One year before the U.S. invasion of Iraq, then-Secretary of the Army Thomas E. White informed a trio of top-level Department of Defense officials that the army lacked the basic information required to effectively manage its burgeoning force of private contractors.
In a memorandum dated March 8, 2002, White warned the under secretaries responsible for army contracting, personnel and finances that reductions in the service’s civilian and military work force, carried out over the previous 11 years, had been accompanied by an increased reliance on private contractors—a personnel shift, he noted, apparently done without adequate analysis. “Currently,” White admitted, “Army planners and programmers lack visibility at the Departmental level into the labor and costs associated with the contract work force and of the organizations and missions supported by them.”
The Defense Department’s increased reliance on civilian contractors in Iraq, tens of thousands of whom are now on the ground there, has been part of an unfolding scandal over inmate abuse at the Abu Ghraib prison, 20 miles west of Baghdad. The role of private contractors in Iraq first earned widespread public attention over revelations about contracts awarded to Vice President Dick Cheney’s former employer, Halliburton. Last October, the Center for Public Integrity detailed for the first time the 70-plus companies and individuals awarded up to $8 billion in contracts for their work in postwar Iraq and Afghanistan. The Center report, Making a Killing: The Business of War, released in 2002, also documented the U.S. government’s increasing reliance on private military companies for much of its work.
“The emerging story of inadequate contractor oversight in Iraq was not merely predictable, but was effectively predicted,” says Dan Guttman, a fellow at the Johns Hopkins University Center for the Study of American Government. “As the secretary of the army’s memo illustrates, our highest-level officials are increasingly calling on contractors to perform sensitive national and homeland security missions, even as they admit that the government lacks the data and official resources needed to account for contractors who are increasingly performing even the most sensitive government work.”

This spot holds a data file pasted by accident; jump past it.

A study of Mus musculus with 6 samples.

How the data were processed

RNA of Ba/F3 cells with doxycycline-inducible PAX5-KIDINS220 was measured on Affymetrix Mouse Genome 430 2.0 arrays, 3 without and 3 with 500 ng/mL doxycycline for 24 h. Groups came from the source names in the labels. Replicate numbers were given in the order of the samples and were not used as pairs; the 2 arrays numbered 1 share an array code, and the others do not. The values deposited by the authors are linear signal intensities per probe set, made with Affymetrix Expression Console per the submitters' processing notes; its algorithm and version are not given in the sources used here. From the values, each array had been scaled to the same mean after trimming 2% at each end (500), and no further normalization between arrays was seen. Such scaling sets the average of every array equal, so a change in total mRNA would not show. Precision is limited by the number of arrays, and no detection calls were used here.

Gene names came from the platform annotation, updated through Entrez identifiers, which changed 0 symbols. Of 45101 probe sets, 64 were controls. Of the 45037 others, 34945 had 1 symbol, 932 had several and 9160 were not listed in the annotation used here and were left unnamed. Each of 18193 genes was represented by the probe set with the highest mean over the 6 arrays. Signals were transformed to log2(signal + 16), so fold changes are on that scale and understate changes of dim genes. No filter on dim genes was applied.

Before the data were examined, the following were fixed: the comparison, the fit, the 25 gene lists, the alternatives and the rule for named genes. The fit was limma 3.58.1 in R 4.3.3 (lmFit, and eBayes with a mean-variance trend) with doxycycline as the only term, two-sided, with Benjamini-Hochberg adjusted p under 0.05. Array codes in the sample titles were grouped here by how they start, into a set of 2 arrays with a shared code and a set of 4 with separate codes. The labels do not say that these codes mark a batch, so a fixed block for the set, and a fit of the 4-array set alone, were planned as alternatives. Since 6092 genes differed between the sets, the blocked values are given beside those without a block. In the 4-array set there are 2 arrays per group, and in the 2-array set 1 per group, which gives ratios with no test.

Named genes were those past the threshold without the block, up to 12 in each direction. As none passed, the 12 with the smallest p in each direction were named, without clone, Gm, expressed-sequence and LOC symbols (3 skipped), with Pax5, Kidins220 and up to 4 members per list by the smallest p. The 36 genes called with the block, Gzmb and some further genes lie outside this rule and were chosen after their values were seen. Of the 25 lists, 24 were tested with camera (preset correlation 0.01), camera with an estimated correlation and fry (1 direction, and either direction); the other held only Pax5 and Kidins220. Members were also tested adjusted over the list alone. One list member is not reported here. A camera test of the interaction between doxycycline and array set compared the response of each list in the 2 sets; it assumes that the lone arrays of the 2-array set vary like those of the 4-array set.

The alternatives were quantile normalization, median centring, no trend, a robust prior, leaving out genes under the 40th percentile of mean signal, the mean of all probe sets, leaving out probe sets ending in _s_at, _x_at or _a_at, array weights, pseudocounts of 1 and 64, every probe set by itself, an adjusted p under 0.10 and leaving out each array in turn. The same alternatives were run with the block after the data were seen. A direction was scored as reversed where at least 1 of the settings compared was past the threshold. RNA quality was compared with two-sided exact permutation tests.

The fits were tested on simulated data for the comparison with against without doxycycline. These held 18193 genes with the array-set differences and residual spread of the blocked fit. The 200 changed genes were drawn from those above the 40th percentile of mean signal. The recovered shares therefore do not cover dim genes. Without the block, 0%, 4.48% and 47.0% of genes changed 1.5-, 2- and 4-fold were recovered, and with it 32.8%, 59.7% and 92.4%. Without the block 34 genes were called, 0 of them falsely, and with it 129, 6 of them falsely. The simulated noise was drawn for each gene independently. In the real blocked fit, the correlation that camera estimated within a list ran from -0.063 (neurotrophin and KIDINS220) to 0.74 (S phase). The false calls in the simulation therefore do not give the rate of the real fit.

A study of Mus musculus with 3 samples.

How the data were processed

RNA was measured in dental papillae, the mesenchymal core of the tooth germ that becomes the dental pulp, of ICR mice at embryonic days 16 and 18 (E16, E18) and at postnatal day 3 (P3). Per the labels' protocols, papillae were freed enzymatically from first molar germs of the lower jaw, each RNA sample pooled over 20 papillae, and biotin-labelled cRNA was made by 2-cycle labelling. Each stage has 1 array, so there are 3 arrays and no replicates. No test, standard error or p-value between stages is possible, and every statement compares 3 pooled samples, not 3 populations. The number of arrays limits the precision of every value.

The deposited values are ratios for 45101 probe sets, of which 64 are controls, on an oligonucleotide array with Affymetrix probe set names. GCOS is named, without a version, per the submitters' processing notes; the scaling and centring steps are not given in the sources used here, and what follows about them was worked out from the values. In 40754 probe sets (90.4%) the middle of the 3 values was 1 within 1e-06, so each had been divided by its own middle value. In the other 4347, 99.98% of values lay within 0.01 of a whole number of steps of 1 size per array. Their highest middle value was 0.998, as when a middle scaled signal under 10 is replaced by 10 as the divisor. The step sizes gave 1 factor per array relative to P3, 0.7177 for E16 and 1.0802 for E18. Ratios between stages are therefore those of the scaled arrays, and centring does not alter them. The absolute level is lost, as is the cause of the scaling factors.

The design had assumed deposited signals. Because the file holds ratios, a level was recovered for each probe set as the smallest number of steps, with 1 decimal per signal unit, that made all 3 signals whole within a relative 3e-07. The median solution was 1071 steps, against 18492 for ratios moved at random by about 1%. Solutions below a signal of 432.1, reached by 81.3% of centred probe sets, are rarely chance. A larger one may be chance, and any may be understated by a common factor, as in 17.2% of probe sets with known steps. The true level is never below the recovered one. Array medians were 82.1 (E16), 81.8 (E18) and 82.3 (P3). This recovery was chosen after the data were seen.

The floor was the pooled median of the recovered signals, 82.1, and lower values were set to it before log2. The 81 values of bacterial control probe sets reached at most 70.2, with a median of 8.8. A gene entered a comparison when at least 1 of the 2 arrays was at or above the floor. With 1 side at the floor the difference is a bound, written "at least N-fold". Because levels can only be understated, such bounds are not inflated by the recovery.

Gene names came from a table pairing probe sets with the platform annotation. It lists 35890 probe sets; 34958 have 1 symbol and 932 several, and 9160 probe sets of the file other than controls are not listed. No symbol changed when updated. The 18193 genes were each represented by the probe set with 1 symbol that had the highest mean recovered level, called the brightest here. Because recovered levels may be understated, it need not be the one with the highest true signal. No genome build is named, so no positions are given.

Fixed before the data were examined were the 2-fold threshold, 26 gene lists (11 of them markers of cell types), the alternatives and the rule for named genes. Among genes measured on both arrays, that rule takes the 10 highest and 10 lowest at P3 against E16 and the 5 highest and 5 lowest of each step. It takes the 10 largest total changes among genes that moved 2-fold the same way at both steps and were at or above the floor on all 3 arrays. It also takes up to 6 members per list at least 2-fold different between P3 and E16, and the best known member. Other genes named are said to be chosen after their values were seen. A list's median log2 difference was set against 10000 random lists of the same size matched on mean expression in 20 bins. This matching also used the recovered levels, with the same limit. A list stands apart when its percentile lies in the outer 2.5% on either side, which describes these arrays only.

The Defense Department has used private contractors in every major military action since the 1991 Gulf War—a policy that has earned mixed reviews from government auditors. In June 2003, for example, the U.S. General Accounting Office concluded in a report to Congress that while contractors may provide the military vital services, DoD could not “quantify the totality of support that contractors provide to deployed forces around the world…” Among GAO’s recommendations: that the Defense Department develop “comprehensive guidance and doctrine to help the services manage contractors’ supporting deployed forces.” A GAO report examining private contracting work now going on in Iraq is scheduled to be released later this month.
“Contractors have become a necessity in the performance of the most sensitive public work,” adds Guttman, an expert in government contracting and procurement processes, who also serves as a consultant to the Center for Public Integrity. “In reviewing the use of contractors in Iraq, the big picture is the current and admitted inadequacy of official resources to account for the contractor work force.”
White’s memorandum about the contractor work force was first disclosed in an April 2002 story on GovExec.com, in the context of the army’s decision to proceed ahead with a project to collect “information from its contractors, including how many hours their employees work and who their customers are within the army.”
The data system is currently under development. White, who resigned his post in April 2003, emphasized in his memo that a system which provides better visibility of the contractor work force “is essential to Army plans for expanded reliance on contractor support…”
“Contract support,” White’s memo concluded, “is not unlike all other processes—in order to manage it effectively, we must, first, have full visibility into it.”